In October 2001, the International Association of Chiefs of Police (IACP) adopted a resolution in support of National Arson Awareness week during their 108th Annual Conference. The resolution calls on all IACP members to support Arson Awareness Week and to promote awareness, understanding and prevention of arson crimes.
The goal of Arson Awareness Week is to focus public attention on severe national consequences of arson. By drawing people's attention to the costs of arson, the groups sponsoring the week hope to level the resources and support necessary to reduce or end this crime.
The goal is for first responders and firefighters to organize as many arson awareness activities in their communities as they can reasonably manage in an effort to raise citizen awareness of this problem. The following are a few activities that all communities could use to kick off National Arson Awareness Week:
- The mayor, city council, or both could issue an Arson Awareness Week Proclamation. A sample proclamation is included in a kit available for download from the USFA.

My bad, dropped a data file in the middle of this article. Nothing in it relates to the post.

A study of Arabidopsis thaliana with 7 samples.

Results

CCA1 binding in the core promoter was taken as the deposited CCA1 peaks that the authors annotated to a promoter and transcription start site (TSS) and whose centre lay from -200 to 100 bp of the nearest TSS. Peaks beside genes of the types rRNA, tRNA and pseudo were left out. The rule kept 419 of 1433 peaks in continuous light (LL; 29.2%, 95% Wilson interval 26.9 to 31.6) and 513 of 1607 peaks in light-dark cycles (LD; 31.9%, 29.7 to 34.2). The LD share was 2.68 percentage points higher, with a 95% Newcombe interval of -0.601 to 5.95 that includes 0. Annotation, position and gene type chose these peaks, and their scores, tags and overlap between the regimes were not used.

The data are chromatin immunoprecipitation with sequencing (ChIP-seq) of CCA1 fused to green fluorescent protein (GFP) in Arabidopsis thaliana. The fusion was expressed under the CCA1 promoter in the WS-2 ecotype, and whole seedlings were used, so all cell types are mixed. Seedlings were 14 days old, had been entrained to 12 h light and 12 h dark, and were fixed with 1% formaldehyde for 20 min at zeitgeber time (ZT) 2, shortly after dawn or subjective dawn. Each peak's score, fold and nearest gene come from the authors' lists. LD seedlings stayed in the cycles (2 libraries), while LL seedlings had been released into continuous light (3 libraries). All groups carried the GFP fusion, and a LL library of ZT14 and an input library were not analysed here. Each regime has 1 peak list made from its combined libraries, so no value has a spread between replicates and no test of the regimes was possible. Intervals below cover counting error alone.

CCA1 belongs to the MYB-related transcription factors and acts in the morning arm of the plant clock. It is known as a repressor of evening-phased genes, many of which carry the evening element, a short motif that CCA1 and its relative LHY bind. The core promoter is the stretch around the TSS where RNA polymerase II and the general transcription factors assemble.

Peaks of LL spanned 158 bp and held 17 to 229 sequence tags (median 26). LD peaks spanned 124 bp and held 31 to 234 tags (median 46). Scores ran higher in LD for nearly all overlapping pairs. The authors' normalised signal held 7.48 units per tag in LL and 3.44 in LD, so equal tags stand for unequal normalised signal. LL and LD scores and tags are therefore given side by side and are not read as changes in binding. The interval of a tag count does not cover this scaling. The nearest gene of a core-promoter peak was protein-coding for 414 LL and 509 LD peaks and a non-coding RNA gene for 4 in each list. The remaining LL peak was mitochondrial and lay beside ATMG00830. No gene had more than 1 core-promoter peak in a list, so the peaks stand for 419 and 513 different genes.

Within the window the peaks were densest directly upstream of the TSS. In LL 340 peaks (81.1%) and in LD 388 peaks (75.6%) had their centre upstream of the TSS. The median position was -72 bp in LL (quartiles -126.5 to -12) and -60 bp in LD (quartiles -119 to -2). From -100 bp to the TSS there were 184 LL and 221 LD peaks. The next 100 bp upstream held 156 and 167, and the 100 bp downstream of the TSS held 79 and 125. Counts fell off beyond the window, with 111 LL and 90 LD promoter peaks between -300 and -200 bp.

- Fire and police departments, where appropriate, could jointly release information on unsolved arsons and ask for the community's help in solving them. The local release could be done in a press conference, a call-in talk (radio or TV) show or any other highly visible event that will get good media coverage.
- Letters to the editor or editorials to the local newspaper are encouraged. Most newspapers have to print "Letters to the Editor."
- With this year's theme "Arson is NOT a Victimless Crime," emergency personnel may want to enlist the help of their local Shriner's Organization to help promote awareness of the forgotten victims of this crime. Consider having an arson victim as a spoke person, since first-hand information is very emotional and powerful.
- Send "Arson is NOT a Victimless Crime" posters to local newspapers, libraries, YMCAs and other public places. The posters are available from the IAAI Office by calling (314) 739-4224. Posters are free of charge, but a limited number are available so order early.
- Plan presentations during Arson Awareness Week at local schools.
- Enlist the help of other organizations to help distribute materials and promote awareness, i.e., Rotary Clubs, Kiwanis Clubs, Boy Scouts and church groups.
The downloadable kit includes a sample proclamation request letter, a sample proclamation, a sample resolution, arson facts, speaking notes, a sample news release and editorial and tips about preparing for an interview and about being a good spokesperson.
To download the kit, visit www.usfa.fema.gov/fire-service/arson-aaw2.cfm.